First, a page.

Agriculture goes geothermal in Pagosa Springs
Geothermal Greenhouse Partnership provides year-round production
PHOTO CREDIT: GEOTHERMAL GREENHOUSE PARTNERSHIP
In Pagosa Springs, local leaders are sustainably harnessing the energy emanating from the world’s deepest hot springs.
The nonprofit 501(c)3 Geothermal Greenhouse Partnership planted crops in the first of three spring-heated growing domes in a park on the San Juan River in late 2016. The geothermal energy allows for year-round production, whereas Pagosa’s average outdoor growing season spans just 11 weeks.
The volunteer-run, public-private project was designed to “take advantage of our significant geothermal energy in downtown Pagosa Springs and develop an entrepreneurial model around year-round food production,” says Sally High, a board member and one of the local “civic entrepreneurs” behind the greenhouses.
The budget for infrastructure improvements and the initial 1,380-square-foot greenhouse was $700,000, and High says the second two greenhouses will be built as fundraising permits. Each dome, fabricated by Pagosa-based Growing Spaces, will cost about $100,000.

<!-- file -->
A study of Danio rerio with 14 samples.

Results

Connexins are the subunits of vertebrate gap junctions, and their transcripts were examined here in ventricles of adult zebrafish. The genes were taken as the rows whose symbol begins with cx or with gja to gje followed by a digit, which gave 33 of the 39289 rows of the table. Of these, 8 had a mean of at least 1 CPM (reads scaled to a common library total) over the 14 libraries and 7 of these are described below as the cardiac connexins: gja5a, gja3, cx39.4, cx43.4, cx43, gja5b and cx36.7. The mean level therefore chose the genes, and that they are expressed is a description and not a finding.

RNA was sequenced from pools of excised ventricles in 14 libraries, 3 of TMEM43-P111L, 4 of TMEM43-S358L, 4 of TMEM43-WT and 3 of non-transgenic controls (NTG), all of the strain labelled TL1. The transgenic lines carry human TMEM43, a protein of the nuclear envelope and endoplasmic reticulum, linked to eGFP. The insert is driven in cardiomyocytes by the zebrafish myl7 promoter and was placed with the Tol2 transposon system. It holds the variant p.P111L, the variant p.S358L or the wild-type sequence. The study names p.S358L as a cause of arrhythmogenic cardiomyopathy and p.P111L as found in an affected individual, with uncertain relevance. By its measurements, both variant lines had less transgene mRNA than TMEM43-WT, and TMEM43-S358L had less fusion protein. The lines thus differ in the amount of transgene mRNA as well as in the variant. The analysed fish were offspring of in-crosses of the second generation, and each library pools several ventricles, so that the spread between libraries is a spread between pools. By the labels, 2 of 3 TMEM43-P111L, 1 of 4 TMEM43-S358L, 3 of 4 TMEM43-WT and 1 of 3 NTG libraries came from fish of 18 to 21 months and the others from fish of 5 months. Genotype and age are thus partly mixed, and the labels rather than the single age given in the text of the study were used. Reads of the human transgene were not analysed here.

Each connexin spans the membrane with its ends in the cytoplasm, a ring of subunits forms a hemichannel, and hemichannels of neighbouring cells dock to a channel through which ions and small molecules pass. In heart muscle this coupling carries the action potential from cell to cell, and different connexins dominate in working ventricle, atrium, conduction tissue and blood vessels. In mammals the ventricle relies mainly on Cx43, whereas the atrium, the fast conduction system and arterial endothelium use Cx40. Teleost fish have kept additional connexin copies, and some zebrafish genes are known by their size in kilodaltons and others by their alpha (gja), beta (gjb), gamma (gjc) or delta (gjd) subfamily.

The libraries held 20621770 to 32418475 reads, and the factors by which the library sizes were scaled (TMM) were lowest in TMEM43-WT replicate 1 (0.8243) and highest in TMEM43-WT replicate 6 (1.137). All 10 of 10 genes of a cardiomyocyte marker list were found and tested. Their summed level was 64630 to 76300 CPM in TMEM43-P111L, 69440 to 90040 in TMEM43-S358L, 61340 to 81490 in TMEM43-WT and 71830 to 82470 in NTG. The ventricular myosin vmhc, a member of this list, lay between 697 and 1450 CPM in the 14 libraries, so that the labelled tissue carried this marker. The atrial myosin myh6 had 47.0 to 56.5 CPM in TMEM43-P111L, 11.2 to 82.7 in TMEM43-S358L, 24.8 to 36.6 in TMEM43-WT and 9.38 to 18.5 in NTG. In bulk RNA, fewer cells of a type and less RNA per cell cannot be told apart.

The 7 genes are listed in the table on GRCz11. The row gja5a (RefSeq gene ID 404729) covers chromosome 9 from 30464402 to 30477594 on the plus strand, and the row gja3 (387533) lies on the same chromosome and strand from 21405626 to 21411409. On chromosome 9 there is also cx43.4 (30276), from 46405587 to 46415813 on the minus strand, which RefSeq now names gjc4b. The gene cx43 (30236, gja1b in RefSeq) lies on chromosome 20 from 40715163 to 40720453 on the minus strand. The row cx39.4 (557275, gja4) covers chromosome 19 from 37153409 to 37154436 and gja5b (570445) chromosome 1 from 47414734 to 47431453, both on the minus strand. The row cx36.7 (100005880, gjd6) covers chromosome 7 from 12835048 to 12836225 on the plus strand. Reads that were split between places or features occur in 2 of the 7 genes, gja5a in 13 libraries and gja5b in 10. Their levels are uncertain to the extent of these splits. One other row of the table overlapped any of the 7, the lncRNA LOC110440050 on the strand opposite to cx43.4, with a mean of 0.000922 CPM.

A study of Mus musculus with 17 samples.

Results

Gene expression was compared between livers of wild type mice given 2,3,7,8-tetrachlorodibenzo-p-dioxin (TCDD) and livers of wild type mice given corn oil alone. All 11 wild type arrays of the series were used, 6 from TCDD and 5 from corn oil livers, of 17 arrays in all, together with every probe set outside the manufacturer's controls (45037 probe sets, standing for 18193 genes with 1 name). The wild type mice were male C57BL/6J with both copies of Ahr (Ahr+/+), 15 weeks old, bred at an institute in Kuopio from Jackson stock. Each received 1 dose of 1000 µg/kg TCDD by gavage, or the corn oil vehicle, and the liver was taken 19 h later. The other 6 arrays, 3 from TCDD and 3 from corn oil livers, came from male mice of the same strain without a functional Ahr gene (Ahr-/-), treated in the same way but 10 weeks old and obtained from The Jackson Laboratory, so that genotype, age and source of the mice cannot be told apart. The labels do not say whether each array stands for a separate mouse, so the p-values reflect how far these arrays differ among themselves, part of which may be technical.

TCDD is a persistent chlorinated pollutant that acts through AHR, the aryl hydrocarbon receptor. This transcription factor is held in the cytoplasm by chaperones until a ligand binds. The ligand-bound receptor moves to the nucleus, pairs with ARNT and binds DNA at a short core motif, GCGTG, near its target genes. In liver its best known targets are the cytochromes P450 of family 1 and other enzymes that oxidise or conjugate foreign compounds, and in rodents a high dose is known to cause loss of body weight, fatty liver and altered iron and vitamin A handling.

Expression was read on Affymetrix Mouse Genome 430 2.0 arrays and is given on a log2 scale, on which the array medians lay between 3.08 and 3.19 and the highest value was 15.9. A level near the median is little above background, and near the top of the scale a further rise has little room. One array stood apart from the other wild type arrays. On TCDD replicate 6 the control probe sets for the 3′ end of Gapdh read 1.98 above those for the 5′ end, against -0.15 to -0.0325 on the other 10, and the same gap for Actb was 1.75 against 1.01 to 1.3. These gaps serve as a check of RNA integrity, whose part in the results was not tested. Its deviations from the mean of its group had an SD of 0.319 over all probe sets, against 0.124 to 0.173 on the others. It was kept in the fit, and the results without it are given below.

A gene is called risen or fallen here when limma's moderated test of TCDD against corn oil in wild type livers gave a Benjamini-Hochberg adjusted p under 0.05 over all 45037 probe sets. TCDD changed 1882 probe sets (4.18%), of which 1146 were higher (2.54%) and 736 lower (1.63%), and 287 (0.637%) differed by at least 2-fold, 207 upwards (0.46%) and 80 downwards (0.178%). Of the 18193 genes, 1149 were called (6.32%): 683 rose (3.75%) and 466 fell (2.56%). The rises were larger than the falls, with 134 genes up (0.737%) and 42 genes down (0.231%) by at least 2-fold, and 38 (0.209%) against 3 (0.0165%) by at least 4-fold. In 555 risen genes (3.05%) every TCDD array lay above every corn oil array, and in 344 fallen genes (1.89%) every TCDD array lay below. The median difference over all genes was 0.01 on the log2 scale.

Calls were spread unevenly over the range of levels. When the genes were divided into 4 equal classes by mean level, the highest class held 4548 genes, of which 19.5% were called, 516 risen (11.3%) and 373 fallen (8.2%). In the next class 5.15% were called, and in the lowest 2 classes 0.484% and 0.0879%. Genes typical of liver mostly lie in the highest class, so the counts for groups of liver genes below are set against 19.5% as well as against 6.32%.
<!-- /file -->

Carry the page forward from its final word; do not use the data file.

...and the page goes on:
The first greenhouse is named the Education Dome for a reason. “Our mission is growing food and community with local energy,” High says. “We’re very much about teaching food production and local horticulture as well as sustainable energy.”
Case in point: Chris Couch teaches fifth-graders science at the adjacent Pagosa Springs Elementary School. In November 2016, his students planted peas in north-facing windows in their classroom and the Education Dome. The greenhouse plants “are thicker and sturdier,” Couch says.
“There are a lot of kids who are just fascinated by it,” he adds. “We’re just scratching the surface.”
The second greenhouse, dubbed the Community Garden Dome, should be up and running by mid-2018. High says the third greenhouse, the Innovation Dome, will be a test bed for new technologies and methods.
Local restaurants and markets will have the opportunity to buy fresh produce grown in the domes. “We’ll sell food in terms of maintaining our project, but the purpose is not to be for-profit,” High says. “Developing a sustainable model is of paramount importance to us.”